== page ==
Monday, April 29, 2013

Provençal Salad with Tuna and White Beans

Palm Sunday is one of the two days during Great Lent when we can eat fish.  Our parish (and I think many others) has a potluck that day.  My favorite thing to make and bring is a Provençal Salad with Tuna and White Beans from the Chic Simple Cooking book.  My sister Martha gave me this book for my 23rd birthday.  Before getting my own copy, I had been checking a copy of this book out of the library regularly!  It's a great basic cookbook with hints of gourmet.  None of the recipes are complicated, but focus on putting the right ingredients together for perfect flavor.  The book has a list of seasonal menus in the back (with wine pairings) which I often consult.  So, without further ado, here is the recipe of the day:

Provençal Salad with Tuna and White Beans
From Chic Simple Cooking

2 tsp. olive oil
1 leek, julienned, or Spanish onion, coarsely chopped
2 stalks celery, julienned
2 carrots, julienned
1 bay leaf
1 tsp. dried thyme
1 19-ounce can white kidney beans, drained and rinsed
½ cup water, vegetable stock, or fish stock
1 fresh tuna steak (about 1 pound), 1-1½ inches thick
2-4 Tbsp. balsamic vinegar
1-2 tomatoes, diced
¼ cup chopped fresh parsley or basil
  1. Heat a large skillet over medium-low heat and add 1 tsp. of olive oil.  Add the leek or onion, celery, carrots, bay leaf, and thyme, and cook until the vegetables are soft, about 10 minutes.  Add the beans and water or stock and cook about 5 minutes, or until the beans are soft and heated through.
  2. Remove the bay leaf.  Scoop the vegetables and beans into a large serving dish.
  3. In the same pan, heath the remaining teaspoon of olive oil over medium-high heat and add the tune.  Cook for about 5 minutes per side or until desired doneness.
  4. Cut the tuna into large chunks and arrange them on top of the bean mixture.  Sprinkle with balsamic vinegar, tomatoes, and parsley or basil.
Serve at room temperature.  Serves 4.

I tripled the recipe for church and had to make a major substitution.  I couldn't find tuna steaks this year, so I ended up getting halibut steak.  The guy at the fish counter told me he thought it'd be fine, but honestly, it wasn't.  Tuna steak has a meaty texture and could almost pass as a pork chop.  The halibut, on the other hand, was really flaky.  It tasted fine, but didn't have the texture that it really wonderful in this salad.  Next year, I will plan more in advance and order tuna steaks if I have to.  They are worth it!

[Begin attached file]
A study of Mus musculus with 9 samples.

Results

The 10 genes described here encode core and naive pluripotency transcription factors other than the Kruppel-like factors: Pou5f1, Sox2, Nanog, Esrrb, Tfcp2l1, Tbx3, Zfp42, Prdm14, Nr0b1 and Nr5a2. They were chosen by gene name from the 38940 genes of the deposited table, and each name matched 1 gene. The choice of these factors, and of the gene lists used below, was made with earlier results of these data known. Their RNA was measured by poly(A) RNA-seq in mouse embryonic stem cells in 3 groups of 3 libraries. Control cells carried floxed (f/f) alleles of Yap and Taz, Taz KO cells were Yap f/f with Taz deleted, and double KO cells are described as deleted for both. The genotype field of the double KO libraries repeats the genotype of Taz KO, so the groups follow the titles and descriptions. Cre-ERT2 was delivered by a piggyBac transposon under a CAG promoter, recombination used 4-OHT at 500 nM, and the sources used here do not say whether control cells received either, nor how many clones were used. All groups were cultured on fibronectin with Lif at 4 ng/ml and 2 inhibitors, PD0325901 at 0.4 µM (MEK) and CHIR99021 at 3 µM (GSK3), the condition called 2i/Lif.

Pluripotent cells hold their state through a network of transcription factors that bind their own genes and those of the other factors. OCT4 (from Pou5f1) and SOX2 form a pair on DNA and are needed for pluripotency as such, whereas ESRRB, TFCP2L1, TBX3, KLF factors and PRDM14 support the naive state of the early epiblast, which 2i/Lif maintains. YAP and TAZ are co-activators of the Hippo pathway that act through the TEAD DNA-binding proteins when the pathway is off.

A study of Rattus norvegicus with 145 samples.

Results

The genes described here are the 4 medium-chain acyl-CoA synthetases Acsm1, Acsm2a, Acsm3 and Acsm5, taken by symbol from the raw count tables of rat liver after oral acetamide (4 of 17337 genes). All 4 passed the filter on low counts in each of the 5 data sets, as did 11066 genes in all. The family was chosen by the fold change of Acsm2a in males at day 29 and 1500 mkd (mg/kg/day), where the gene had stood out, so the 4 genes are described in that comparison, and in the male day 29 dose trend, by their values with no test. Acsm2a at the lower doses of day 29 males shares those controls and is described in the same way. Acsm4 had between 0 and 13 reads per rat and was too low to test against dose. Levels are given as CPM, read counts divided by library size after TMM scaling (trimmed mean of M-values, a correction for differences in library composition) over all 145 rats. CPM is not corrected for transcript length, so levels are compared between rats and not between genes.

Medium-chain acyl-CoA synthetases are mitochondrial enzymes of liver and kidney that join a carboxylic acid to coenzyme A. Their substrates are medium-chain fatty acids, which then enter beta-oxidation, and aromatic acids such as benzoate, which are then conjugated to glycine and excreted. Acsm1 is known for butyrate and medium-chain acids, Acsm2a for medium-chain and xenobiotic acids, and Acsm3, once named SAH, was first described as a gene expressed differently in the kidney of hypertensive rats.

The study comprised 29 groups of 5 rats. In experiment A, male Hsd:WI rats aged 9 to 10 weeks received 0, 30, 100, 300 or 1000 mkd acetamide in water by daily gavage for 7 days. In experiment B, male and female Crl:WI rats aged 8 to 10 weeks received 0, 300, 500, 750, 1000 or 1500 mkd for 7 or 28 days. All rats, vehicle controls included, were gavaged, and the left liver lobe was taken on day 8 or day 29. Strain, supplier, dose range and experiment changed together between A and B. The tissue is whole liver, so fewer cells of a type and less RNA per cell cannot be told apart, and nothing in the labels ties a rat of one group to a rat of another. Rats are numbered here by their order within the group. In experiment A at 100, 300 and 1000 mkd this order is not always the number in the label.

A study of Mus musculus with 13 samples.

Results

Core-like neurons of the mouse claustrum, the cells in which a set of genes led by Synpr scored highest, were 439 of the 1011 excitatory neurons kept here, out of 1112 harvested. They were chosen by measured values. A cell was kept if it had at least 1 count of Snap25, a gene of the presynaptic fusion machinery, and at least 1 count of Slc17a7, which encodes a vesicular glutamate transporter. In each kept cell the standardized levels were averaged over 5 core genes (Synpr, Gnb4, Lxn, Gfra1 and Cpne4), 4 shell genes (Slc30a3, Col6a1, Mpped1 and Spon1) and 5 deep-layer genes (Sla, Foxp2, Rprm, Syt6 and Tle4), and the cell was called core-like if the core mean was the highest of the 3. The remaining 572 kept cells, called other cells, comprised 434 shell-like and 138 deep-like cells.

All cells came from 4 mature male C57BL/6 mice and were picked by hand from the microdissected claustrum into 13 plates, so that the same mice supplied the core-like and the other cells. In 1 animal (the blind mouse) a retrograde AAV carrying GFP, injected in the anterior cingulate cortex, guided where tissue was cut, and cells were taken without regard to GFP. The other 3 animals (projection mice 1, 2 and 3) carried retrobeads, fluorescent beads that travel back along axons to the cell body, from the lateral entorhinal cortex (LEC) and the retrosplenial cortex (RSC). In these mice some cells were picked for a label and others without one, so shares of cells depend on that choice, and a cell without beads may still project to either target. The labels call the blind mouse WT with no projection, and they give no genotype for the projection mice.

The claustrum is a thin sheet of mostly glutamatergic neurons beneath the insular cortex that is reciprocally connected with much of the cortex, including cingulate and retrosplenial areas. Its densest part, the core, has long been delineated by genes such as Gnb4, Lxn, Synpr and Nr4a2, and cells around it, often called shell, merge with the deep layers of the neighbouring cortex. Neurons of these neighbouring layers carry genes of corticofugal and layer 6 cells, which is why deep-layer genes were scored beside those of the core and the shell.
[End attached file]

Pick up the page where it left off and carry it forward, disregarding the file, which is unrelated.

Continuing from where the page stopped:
The day before Palm Sunday (Lazarus Saturday) is a caviar day... a day when the church calendar officially recommends (well, allows) that you eat caviar (and it's a wine day too)!  We love taramosalata so that is our usual Lazarus Saturday treat.  On the way home from church, we first stopped by Bridgehead Coffee with a friend, then the Italian grocery store to pick up the taramosalata.  The Italian shop also carries Art-Is-In bread which is one of my favorites and has a wonderful olive bar.  So, we came home and had a wonderful, simple lunch.  It was so delicious!  What a nice little feast!

In addition to the Great Feast of Palm Sunday, we had another joyous occasion yesterday - the baptism of our friends' new baby, Anna.  I was very honored to be her Godmother.  May God grant her many, many blessed years!
Big sister, Dora, Liza, and me before the baptism


elizabeth said...

yay! wonderful food! many years to you as the Godmother of this little one! :)

Mary said...

Thank you, Elizabeth! :)

Martha said...

I remember that cookbook now, with a cast iron pan on the front:
That tuna and beans with tomatoes looks divine. And we didn't have any caviar on Lazarus Saturday, but I wish we had... Your plate with it slathered on the thick bread and olives look so nice! What a beautiful family picture from the baptism! Liza looks so big!!!